Proposals should aim for synergistic collaboration and agreement across various research and innovation programmes on the human microbiome, in Europe and worldwide, dealing with sample collection, processing, standardisation and healthy states references at different sites of the human body (not only one organ), including also interaction with omics, impact of drugs, nutritional and environmental aspects as well as sex and gender differences. In particular, they should support the agreement of concrete references of healthy human metagenomes across various different populations. Proposals should map the progress and the state of play for specific disease and health issues as well as the success and meaningfulness in different countries. They should propose concrete and strategic research actions on the human microbiome addressing gaps, emerging fields and political priorities. They should complement, support and enhance cooperation in similar activities within Europe and beyond[[Proposals should take into account other relevant European and international research and networking initiatives as well as “one health initiatives”.]]. In line with the strategy for EU international cooperation in research and innovation (COM(2012)497), international cooperation is encouraged with relevant partners from outside the EU. Proposals should cover the whole spectrum of human microbiome research from patient data collection all the way to study reporting in publications, social, ethical and legal aspects. Proposals should avoid networking without output and provide appropriate indicators to measure its progress and impact.

The Commission considers that proposals requesting a contribution from the EU between EUR 1.5 and EUR 2 Million would allow this specific challenge to be addressed appropriately. Nonetheless, this does not preclude submission and selection of proposals requesting other amounts.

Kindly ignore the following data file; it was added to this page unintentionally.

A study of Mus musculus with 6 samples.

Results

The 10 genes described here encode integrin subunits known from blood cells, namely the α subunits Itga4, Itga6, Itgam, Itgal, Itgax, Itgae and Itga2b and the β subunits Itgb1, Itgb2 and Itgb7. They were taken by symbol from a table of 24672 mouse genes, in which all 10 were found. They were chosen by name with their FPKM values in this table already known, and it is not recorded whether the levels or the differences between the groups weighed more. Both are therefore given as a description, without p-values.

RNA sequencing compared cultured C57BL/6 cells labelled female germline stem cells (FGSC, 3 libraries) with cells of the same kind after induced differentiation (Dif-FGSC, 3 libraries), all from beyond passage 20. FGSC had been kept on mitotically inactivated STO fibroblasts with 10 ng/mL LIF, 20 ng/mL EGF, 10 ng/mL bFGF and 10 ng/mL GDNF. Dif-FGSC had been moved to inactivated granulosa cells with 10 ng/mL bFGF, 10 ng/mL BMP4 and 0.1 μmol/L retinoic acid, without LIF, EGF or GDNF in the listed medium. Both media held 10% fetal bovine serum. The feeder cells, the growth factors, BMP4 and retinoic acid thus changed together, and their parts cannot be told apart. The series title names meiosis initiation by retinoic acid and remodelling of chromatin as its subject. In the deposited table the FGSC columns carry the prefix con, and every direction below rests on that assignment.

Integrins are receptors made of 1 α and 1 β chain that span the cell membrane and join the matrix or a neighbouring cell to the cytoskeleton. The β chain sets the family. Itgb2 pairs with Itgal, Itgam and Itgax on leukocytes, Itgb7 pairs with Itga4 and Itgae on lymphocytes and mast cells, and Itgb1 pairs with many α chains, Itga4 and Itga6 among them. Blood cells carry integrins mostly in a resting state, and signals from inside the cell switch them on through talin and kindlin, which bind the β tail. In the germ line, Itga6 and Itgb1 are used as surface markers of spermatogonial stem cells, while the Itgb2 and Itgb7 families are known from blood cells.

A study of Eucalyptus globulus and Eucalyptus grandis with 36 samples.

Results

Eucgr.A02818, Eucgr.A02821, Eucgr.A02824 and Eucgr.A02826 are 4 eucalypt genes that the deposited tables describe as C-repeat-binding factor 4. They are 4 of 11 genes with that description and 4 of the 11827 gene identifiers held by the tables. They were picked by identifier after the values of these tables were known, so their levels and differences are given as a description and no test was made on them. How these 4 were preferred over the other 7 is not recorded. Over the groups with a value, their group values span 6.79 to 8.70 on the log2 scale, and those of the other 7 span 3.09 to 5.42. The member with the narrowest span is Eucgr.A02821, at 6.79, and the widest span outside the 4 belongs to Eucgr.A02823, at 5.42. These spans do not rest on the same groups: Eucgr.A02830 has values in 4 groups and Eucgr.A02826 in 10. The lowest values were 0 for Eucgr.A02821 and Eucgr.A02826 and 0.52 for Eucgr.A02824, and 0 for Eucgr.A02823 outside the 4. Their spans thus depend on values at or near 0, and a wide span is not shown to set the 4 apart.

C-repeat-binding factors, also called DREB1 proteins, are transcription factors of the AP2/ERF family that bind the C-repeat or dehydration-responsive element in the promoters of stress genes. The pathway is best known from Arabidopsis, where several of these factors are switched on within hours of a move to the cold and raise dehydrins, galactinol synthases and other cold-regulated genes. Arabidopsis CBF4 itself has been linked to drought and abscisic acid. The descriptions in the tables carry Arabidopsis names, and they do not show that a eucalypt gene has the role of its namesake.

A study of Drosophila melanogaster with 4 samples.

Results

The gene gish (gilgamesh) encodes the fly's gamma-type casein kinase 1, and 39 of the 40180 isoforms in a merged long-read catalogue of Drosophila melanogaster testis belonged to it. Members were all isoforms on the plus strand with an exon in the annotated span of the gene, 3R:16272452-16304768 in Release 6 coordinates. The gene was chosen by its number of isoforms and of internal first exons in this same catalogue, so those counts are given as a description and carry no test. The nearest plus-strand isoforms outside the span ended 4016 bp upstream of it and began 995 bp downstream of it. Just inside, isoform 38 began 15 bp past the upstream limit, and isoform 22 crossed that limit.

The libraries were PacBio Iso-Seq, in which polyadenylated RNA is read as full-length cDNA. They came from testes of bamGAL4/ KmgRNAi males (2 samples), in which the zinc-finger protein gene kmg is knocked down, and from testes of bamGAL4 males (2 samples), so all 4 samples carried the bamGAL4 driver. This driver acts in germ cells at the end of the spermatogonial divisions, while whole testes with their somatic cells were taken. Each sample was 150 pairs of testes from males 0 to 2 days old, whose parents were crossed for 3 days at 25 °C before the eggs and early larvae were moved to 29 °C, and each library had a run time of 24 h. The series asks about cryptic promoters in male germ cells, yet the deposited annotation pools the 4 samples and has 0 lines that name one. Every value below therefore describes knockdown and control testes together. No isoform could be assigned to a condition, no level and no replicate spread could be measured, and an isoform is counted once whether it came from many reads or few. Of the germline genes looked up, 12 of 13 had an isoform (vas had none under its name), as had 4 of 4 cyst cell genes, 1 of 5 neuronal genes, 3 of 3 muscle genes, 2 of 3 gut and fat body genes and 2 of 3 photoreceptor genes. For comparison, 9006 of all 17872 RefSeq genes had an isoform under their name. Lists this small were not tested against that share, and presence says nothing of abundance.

Integration and application of metagenomics data from the human microbiome has shown large potential for personalised medicine approaches, although causal relationships and confounders are still largely unknown. Comparable information and details about microbiome composition and functionality in healthy citizen and patients are very valuable to complete the picture i.e. to better understand the healthy microbiome and to predict its development.

The number of European and international projects and initiatives is increasing but their results and data cannot be properly compared as they have different underlying methods, standards and operating procedures. The International Human Microbiome Consortium (IHMC) as well as other current initiatives aim to strengthen international cooperation, to increase data comparability and to agree common standards, procedures and methods. There is a need to avoid having the same research carried out multiple times at different places and to better agree at European and at international level. This collaboration should increase coherence and data comparability to better exploit existing microbiome data and clinical information in a standardised way.

  • International agreement on concrete methods, standards, procedures and in vivo models. Harmonisation and increased comparability of metagenomics, metabolomics and human microbiome data in Europe and beyond.
  • International agreement on definitive references of healthy human metagenomes. These references should apply across various different populations and allow end-users and citizens to see which microbiome is clinically healthy.
  • More meaningful results through collaborative synergistic collection of microbiome data from different directions. Improved coherence and reduction of overlap between national, EU and other funding in the area of human microbiome research, thus ensuring an efficient use of the available human and financial resources.
  • Knowledge exchange and enhanced engagement of citizens, scientists and political stakeholders for priority health risks. Validated results will be delivered faster to people.
  • Integration of metagenomics and human microbiome references into other multilateral co-operation areas or personalised medicine approaches.